Stories of Courage

There are many, many stories of courage from patients at The Pencer Centre. Each month we’ll include a new story from one of our patients, so please bookmark this page and visit often for a new ‘story of courage.’

Appreciation for Life
by Karlene Nation, Reporter and Producer, CTV Television, Toronto

I have a new found appreciation for life these days. I take nothing for granted. I’m happy to wake up to a new day and grateful to be alive.

Six years ago I woke up and discovered that I was blind. It was the most frightening moment of my life. Hours later, doctors were in a race against the clock to try to save my life after they discovered I had a brain tumor. It happened on Saturday, July 25th, 1998. The events on that day are permanently seared in my brain. I headed into work at CTV Television where I work as a reporter and producer. I was on an assignment with cameraman Jeff Wood, chasing leads for a story about a mid-town house fire.

But something wasn't right. I had been experiencing a maddening headache for five days. This was the sixth day and the headache had gotten progressively worse. I popped Tylenols to try to dull the throbbing pain to no avail.

It literally felt like my eyes were being pushed out of the sockets. I thought I was going to pass out. Jeff had to drive me home. Fortunately, my mother Veta Robinson was home. My mom, who is a nurse, took one look at me and rushed me to Oakville Trafalgar Hospital. The doctors asked how long I had been experiencing this headache. I told them five to six days. I mentioned I was involved in a hot air balloon accident five days prior.

I was assigned to cover a hot air balloon festival in Milton a week before the headaches started. The hot air balloon ride was incredible. That is, until we hit turbulence. The heavy wind thrashed the balloon about from side to side and before we knew it, the balloon literally fell out of the sky, with me screaming my head off. I thought I was going to die. The balloon bounced up and down a few times before coming to a stop. I remember banging my head a couple of times on the side of the basket. I thought I was ok when I came out of the basket, but the headache started two days after this incident.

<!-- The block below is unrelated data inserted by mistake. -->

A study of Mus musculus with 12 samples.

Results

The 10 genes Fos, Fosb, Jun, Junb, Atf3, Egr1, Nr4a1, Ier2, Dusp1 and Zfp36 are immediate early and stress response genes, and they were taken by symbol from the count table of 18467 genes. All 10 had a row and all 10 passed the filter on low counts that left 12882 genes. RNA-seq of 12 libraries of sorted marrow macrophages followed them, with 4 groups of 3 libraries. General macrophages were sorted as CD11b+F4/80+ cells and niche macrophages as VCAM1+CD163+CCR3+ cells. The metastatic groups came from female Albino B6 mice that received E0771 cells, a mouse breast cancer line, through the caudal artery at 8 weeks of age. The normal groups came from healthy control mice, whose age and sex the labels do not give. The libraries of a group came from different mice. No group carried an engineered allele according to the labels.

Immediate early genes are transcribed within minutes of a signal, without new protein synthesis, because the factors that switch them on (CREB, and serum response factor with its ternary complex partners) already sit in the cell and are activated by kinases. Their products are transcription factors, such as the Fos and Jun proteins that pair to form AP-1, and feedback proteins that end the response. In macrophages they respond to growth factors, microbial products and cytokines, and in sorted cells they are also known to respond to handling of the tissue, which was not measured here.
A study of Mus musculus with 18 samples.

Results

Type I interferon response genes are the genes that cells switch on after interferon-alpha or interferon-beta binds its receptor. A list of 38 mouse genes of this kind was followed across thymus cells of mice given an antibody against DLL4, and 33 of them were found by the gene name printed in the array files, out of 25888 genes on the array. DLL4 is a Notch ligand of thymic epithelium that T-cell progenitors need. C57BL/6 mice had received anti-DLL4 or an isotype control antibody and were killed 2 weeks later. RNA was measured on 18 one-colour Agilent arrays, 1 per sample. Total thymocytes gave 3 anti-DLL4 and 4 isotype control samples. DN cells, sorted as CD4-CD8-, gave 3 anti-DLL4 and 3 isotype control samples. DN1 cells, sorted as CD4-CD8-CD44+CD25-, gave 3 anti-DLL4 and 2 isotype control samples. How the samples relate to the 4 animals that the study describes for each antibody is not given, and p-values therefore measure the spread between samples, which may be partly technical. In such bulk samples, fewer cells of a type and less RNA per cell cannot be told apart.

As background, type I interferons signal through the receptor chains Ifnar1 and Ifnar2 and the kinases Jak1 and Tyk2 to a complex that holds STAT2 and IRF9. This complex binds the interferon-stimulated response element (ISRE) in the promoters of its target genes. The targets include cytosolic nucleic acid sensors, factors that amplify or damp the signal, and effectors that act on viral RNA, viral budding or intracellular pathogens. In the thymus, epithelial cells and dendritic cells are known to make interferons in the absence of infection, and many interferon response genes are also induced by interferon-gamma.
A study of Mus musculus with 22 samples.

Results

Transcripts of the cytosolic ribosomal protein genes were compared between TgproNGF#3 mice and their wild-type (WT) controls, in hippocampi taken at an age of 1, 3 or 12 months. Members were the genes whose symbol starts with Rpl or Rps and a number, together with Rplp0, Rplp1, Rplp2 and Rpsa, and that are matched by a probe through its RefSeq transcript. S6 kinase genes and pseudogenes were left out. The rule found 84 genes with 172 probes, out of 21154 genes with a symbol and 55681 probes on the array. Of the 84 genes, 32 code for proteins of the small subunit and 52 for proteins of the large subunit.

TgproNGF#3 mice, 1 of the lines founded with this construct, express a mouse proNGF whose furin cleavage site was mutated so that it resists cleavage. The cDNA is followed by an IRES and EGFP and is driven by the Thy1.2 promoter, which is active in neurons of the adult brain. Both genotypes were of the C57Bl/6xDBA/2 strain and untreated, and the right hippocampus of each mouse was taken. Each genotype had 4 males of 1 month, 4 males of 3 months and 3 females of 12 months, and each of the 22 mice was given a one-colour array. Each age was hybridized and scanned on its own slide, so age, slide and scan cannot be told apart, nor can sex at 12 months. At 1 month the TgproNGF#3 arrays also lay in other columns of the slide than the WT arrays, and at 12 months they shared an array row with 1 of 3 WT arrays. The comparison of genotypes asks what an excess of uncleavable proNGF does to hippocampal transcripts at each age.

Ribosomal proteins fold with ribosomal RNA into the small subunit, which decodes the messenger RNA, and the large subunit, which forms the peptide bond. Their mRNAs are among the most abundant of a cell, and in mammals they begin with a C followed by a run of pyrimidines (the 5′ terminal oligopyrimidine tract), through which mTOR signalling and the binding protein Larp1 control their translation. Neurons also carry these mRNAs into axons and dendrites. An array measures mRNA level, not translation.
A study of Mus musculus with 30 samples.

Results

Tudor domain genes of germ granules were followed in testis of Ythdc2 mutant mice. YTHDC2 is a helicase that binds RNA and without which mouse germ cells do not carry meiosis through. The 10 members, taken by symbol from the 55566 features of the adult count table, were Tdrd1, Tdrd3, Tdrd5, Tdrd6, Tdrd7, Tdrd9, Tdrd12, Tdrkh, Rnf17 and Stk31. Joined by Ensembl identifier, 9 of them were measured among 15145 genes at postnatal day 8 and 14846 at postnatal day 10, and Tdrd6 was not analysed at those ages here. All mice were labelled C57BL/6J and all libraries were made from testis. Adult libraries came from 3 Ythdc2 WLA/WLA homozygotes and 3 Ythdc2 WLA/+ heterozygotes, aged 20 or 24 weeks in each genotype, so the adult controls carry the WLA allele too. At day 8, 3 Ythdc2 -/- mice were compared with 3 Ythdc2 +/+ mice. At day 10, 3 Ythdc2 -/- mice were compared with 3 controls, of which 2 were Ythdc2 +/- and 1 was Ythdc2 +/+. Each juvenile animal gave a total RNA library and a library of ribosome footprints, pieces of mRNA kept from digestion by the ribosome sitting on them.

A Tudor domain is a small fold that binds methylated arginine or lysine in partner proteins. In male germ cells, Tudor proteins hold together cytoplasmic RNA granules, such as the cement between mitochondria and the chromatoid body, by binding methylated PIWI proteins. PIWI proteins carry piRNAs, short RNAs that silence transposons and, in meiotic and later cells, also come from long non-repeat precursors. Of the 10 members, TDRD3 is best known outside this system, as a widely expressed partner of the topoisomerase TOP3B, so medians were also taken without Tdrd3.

An x-ray revealed that there was a huge mass at the base of my skull on the right side of my head. The doctors ordered an ambulance to take me to Toronto Western Hospital, which specializes in neurosurgery.

I awoke to find myself in an MRI machine. The MRI revealed that I had a pituitary brain tumor. It's a very common benign brain tumor that is usually easily removed. But in my case - everything that could go wrong with the tumor went wrong. It was bleeding rapidly in my head and eventually cut off my eyesight. My sister Annette, discovered that I was blind. I could feel her face - but couldn't see her.

The doctors rushed me into the operating room. They told my family it was very unlikely I would regain my sight. My neurosurgeon said once a patient loses their sight prior to surgery, the chances of them recovering their sight are slim to none. My family started to pray for me. I woke up hours after the surgery, flicked open my eyes and miracle of miracles - I could see. I could see my mom, my sisters Annette and Ninia and my son Jan-Michael Nation. We all burst into tears of happiness. But the happiness was short lived. My doctor discovered a major problem with my sight. They discovered I had double vision and I had lost all of my peripheral vision. I had, in effect, lost 50 percent of my sight and was seeing two of everything all the time. I was told that this condition would not improve. I would remain this way for the rest of my life. I barely had a chance to absorb this disturbing information when I contracted meningitis in the hospital. My doctors discovered that I had a hole in my head. I couldn't believe it. “What do you mean I have a hole in my head" I demanded.

The doctors said it came about after my operation to remove the brain tumor. I had to undergo yet another operation to close this hole in my head. Doctors sliced my upper thigh, took tissue from my leg and stuffed it in my head to close the hole. I often joke that I have foot in head problems.

After three months in the hospital and almost a year of recovery - I finally went back to work as a reporter and producer at CTV. I look back at this experience and quite frankly would not change any of it. I'm not happy about losing my sight but I'm grateful that I can see even though my sight isn't perfect.

This experience has made me very strong. I was always a strong person with great inner strength. But this experience has shown me that I can survive just about anything.

Life often throws us curves and we have to find a way to deal with these challenges. I feel blessed to have such an amazing family. I could not have pulled through this ordeal without my mother, sisters and my son. They are my rock.

Life is good, life is great. We must appreciate and be grateful for every new day.